The last time Auburn played a top-five opponent, it couldn’t keep the opposing defense out of the backfield.
Auburn allowed a staggering 11 sacks to Clemson in a 14-6 loss. The chemistry between the offensive line and quarterback Jarrett Stidham didn’t seem to go so well early on, which contributed to this poor start in this department.
In fact, lowly Georgia Southern, which fired head coach Tyson Summers midseason, tallied three sacks against Auburn in the season opener.
But as Georgia head coach Kirby Smart sees it, things have changed with how Auburn has been able to protect the quarterback.
The Tigers have been able to adjust and improve in this area. Over the following seven games, Auburn has reduced the sacks allowed number to only 10.
“I think there is a little misnomer there with that because when you watch that game they are not the same team now that they were then,” Smart said. “They are not the same offensive line now that they were then. Clemson certainly has some really elite rushers, and they got after them. It was also their quarterback’s first time playing at Auburn in a big game in a situation like that, so I don’t really go much off that. Clemson has their personnel and they play the way they play.”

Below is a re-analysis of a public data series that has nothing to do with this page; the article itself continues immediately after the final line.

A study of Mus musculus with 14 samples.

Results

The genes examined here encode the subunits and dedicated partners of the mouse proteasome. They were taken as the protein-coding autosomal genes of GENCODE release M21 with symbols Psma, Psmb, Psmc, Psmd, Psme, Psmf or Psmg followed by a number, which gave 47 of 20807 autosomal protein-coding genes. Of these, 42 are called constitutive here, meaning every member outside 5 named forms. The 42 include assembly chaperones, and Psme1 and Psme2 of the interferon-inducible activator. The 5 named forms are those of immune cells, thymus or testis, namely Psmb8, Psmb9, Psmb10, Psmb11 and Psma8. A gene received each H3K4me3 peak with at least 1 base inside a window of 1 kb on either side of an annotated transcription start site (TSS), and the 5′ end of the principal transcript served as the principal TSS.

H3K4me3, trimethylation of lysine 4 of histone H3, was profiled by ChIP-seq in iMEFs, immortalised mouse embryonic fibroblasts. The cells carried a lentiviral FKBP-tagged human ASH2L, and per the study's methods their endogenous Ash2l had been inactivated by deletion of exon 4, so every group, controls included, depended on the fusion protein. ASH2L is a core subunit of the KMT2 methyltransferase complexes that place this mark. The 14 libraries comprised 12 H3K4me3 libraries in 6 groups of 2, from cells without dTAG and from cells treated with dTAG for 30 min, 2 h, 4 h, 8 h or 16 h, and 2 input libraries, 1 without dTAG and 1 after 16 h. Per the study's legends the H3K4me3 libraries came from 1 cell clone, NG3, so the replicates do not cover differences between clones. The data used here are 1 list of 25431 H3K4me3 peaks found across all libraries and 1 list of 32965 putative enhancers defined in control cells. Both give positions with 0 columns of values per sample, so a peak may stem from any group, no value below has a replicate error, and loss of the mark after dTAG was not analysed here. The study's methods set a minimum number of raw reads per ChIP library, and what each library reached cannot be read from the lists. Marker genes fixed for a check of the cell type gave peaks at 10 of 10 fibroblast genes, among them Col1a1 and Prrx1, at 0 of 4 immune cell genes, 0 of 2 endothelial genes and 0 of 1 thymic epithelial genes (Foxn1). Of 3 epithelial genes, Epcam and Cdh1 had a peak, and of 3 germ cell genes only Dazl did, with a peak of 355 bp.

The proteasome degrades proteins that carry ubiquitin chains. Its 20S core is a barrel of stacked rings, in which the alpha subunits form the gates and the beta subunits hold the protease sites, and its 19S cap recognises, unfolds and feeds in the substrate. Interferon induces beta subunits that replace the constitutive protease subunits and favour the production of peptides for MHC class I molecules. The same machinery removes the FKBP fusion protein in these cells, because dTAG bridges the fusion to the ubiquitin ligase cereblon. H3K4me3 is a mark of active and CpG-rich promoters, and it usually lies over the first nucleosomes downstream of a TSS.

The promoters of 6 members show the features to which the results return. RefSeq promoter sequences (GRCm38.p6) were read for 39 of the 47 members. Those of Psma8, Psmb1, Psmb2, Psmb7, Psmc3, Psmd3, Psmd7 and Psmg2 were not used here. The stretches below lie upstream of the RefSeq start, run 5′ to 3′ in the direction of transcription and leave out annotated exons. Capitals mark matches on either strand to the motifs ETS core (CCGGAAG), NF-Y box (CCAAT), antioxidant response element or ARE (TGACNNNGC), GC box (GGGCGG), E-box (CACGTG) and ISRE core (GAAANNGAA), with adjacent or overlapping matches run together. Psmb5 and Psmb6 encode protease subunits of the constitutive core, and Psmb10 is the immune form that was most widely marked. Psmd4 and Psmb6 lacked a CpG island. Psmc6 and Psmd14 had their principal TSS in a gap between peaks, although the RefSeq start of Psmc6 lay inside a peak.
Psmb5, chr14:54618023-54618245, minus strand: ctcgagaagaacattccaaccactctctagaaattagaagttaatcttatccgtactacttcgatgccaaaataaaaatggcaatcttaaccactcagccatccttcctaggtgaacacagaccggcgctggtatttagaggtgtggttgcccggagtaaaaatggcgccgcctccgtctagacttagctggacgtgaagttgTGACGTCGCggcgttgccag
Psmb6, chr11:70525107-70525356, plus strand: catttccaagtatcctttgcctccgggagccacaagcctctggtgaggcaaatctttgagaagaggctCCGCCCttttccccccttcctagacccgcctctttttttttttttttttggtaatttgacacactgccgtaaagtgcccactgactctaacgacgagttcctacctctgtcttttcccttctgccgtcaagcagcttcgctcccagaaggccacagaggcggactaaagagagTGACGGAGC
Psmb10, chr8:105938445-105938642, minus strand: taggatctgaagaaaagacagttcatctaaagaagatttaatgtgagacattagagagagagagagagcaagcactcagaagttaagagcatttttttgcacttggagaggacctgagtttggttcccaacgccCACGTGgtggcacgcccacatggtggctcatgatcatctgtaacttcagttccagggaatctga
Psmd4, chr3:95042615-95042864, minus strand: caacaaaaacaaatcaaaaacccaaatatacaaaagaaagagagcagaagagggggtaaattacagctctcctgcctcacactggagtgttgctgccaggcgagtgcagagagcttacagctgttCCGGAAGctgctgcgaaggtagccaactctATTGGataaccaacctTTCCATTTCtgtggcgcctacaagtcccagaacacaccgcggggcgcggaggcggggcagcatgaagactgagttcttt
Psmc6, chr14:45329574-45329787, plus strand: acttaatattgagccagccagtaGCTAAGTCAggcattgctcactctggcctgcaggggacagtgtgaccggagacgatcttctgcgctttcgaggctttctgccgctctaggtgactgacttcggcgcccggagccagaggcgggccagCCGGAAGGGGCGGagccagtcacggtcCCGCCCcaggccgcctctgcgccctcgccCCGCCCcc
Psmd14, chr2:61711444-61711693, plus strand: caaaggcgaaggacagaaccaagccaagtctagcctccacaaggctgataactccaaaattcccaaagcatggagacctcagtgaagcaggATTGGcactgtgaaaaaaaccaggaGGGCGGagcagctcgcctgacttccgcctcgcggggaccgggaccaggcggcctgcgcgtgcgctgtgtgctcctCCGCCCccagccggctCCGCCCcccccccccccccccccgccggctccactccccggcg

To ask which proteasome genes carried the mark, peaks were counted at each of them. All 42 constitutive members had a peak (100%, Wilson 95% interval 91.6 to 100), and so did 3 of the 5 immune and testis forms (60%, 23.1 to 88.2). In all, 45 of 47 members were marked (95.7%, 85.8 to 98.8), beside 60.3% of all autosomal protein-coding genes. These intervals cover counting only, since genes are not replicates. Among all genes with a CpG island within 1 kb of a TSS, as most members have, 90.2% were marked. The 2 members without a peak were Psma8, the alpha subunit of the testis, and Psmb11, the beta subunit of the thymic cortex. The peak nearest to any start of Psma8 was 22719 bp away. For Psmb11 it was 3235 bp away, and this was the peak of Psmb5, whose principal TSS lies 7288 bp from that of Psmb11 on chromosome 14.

While the sack numbers have gone down in total, Auburn did allow LSU to record three in a loss and saw Texas A&M pick up two last Saturday in a win. There would appear to be ways Georgia can apply heat on Stidham when he is in passing situations.
Georgia will look to put plenty of pressure on Stidham, much like Clemson did in the second week of the season. The Bulldogs have been able to get after the quarterback at a greater pace the past two weeks.
After failing to register sacks against Vanderbilt and Missouri, Georgia, which has 17 sacks this season, picked up five against Florida and two against South Carolina.
“We need to get pressure to affect the quarterback, but you also have to cover the guys out there they have running the routes,” Smart said. “They have some really fast guys out there running their routes, so the big thing is stopping the run and not giving up big plays.”